Here's a deeper look into the top trending stories in manufacturing today based on reader feedback. Food safety and farm groups oppose Smithfield sale; what the government needs to break even on the GM bailout; and making a 3D printed battery.
A coalition of farm and food safety groups wants federal regulators to quash the proposed sale of Smithfield Foods to a Chinese conglomerate in what would be the largest such takeover of a U.S. business.
The St. Louis Post-Dispatch reported that 17 groups sent a letter to the Committee on Foreign Investment in the United States asking it to oppose the pork processor's sale to Shuanghui International Holdings Ltd.
Coalition members, which include the Missouri Rural Crisis Center, Food & Water Watch and the Nebraska Farmers Union, say the deal could weaken domestic food safety, cause economic damage in rural communities and harm national security. Read more here.
Manufacturing Business Technology reader BobD commented by saying: "There are legitimate reasons to be concerned about this deal, but the concern that Chinese pork could be imported into the U.S. is puzzling. According to this article, there are no country-of-origin regulations on pork, so that could be happening already."
What do you think about the Smithfield deal? Is it good for U.S. food manufacturing or is there more cause for concern?
DETROIT (AP) -- General Motors stock would have to sell for $95.51 per share for the U.S. government to break even on bailing out the company, according to a government watchdog's report released Wednesday.
That price is about three times what GM shares are selling for now, even after a 25 percent increase in the price so far this year.
"There's no question that Treasury, the taxpayers, are going to lose money on the GM investment," Special Inspector General Christy Romero, author of the July quarterly report to Congress, said in an interview. Read more here.
The issue now is whether the bailout of GM was a smart investment or not. While the U.S. government is trying to remove itself from the deal fairly quickly, does it make sense to do so at a loss? Was it an expect outcome or even a “best case” scenario? Should the government hold onto the stock until it can at least break even? Was the bailout a good idea as it did save many jobs in the U.S. manufacturing sector even beyond GM? What do you think?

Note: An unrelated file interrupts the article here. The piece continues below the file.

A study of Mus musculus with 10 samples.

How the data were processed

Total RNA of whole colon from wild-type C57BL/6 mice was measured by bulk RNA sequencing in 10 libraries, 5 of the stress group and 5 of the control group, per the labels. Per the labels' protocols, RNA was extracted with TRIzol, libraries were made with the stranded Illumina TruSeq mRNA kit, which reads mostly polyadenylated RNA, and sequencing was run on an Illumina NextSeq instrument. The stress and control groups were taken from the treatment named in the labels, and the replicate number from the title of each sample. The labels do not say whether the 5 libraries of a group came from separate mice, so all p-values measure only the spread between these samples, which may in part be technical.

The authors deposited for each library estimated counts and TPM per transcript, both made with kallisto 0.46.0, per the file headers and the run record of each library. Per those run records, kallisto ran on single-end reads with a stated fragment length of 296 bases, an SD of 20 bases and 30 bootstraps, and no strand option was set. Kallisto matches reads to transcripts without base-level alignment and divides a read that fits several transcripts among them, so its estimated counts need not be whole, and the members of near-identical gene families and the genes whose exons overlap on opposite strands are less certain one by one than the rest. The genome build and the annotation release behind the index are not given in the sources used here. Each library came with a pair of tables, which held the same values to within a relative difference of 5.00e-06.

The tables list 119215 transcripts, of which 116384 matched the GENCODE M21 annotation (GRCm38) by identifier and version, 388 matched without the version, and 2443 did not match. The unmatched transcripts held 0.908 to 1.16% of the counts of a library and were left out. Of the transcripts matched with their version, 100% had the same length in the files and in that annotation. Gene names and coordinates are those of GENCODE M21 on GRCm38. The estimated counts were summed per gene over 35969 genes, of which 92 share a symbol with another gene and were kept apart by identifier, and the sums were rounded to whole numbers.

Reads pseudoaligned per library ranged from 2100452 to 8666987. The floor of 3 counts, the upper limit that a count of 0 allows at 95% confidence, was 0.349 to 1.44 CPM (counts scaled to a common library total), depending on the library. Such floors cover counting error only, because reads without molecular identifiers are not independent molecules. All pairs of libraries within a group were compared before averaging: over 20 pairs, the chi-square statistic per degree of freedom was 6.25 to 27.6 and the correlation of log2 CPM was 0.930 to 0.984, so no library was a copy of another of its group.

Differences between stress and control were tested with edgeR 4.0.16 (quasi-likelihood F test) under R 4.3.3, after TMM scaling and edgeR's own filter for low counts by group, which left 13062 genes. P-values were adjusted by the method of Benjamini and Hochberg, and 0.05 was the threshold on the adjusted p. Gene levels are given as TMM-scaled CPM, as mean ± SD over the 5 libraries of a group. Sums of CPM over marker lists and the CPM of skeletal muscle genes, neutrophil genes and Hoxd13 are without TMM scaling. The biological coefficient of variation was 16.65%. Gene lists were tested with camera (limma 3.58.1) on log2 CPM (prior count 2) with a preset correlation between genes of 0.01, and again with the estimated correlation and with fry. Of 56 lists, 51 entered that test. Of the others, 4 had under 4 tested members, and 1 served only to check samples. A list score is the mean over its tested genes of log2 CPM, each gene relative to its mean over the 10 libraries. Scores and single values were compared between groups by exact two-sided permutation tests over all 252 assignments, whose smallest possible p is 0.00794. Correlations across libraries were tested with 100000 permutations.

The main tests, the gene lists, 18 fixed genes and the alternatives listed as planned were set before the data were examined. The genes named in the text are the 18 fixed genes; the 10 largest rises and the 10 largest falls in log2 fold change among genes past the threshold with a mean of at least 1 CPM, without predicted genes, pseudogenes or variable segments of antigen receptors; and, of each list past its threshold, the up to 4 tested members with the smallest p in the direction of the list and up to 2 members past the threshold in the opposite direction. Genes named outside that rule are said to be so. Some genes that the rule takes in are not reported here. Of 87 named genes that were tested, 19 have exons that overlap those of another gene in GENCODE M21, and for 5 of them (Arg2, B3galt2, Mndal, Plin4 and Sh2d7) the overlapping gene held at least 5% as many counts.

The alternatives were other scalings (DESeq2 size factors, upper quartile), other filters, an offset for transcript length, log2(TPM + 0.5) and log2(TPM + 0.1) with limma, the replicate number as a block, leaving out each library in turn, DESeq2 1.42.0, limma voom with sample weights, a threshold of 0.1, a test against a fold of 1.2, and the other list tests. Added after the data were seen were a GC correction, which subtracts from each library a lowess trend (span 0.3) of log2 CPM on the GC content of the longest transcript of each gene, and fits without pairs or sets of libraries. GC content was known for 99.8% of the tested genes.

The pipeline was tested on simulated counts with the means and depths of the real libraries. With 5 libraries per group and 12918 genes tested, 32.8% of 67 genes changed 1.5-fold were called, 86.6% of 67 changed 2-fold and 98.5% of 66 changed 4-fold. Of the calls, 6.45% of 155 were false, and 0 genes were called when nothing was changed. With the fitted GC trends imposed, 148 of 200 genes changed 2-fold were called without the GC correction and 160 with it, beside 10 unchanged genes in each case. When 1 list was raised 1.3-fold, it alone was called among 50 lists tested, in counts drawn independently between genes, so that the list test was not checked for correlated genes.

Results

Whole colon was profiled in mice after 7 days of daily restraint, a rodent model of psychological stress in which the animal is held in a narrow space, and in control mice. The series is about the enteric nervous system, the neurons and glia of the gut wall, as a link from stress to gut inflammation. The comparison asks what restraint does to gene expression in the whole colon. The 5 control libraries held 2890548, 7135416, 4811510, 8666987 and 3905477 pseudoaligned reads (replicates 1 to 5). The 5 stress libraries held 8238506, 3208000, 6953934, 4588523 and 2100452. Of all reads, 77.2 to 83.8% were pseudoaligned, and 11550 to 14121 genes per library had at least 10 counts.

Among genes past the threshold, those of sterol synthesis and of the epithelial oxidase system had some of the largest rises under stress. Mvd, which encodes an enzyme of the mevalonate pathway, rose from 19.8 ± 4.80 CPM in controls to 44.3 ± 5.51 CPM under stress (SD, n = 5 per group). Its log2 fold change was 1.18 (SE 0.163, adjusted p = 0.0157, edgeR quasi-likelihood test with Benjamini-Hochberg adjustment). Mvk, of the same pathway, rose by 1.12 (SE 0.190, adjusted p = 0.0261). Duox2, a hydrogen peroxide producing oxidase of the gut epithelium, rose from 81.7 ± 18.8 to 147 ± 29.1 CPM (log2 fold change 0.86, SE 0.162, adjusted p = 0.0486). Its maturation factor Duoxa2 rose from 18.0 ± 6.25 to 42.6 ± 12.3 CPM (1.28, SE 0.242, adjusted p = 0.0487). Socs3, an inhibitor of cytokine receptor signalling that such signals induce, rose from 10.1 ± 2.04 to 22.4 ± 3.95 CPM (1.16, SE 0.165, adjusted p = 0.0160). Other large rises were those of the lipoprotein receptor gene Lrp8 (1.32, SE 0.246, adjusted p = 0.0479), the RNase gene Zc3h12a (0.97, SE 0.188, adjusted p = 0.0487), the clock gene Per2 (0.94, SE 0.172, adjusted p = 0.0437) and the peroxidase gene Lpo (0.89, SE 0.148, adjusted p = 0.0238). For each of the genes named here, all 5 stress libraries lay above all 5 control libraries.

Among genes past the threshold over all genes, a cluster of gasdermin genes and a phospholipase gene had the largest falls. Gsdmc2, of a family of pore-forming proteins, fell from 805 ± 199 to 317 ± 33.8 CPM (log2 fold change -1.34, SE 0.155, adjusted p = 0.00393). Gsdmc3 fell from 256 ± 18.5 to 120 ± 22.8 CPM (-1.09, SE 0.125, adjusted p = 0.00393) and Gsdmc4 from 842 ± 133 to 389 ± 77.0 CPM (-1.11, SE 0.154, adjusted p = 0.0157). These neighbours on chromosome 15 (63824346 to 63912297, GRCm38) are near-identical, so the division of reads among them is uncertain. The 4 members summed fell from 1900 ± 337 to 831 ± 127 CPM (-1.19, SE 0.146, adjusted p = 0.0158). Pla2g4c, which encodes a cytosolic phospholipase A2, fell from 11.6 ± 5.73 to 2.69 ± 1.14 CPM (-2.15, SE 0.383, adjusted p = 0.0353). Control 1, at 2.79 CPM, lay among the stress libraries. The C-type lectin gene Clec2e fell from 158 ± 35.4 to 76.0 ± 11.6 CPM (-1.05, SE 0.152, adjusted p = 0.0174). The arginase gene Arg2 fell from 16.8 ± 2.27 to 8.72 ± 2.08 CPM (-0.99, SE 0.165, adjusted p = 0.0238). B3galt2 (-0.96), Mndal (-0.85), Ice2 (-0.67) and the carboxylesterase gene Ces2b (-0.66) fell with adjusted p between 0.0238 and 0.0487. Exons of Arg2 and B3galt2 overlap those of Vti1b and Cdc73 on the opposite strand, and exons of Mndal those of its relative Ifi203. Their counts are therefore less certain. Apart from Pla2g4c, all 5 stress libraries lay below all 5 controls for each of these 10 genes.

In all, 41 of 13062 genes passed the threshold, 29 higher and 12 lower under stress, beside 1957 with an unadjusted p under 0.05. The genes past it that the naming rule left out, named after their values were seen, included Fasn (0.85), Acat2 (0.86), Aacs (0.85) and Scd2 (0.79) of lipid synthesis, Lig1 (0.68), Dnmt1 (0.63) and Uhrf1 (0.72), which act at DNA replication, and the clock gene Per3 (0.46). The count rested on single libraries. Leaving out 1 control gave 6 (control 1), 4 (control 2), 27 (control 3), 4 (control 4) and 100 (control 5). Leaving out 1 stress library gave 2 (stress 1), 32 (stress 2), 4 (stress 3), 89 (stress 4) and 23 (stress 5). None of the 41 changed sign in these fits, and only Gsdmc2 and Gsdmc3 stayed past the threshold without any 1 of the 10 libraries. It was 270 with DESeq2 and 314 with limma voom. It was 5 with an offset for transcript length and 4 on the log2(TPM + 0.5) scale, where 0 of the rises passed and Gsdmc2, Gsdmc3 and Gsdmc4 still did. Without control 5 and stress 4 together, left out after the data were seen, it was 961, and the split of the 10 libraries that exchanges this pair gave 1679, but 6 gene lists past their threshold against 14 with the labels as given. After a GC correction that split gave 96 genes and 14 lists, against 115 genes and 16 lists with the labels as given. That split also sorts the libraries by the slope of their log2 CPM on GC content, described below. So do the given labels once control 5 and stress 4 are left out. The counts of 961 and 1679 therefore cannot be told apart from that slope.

According to a recent article in the MIT Technology Review, today’s 3D printers can generally only build things out of one type of material—usually a plastic or, in certain expensive industrial versions of the machines, a metal. They can’t build objects with electronic, optical, or any kind of functions that require the integration of multiple materials. But recent advances in the research lab—including a 3D printed battery and a bionic ear—suggest that this might soon change.
Last month, researchers unveiled what they say is the world’s first 3D printed battery, made from two different electrode “inks.” Led by Jennifer Lewis, a professor of biologically inspired engineering at Harvard, the group used tiny nozzles to precisely deposit the anode and cathode inks, which contain nanoparticles of lithium titanium oxide and lithium iron phosphate, respectively. In a paper in Advanced Materials, the researchers described printing millimeter-scale rechargeable batteries, which could be used to power things like small wireless sensors and medical devices. The batteries, each of which can be printed in minutes, demonstrated impressive electrochemical performance. Read more here.
Researchers at Harvard's Wyss Institute have developed a way to create tiny batteries using standard 3D-printing technologies. Click on the image below to see the 3D printed battery being made.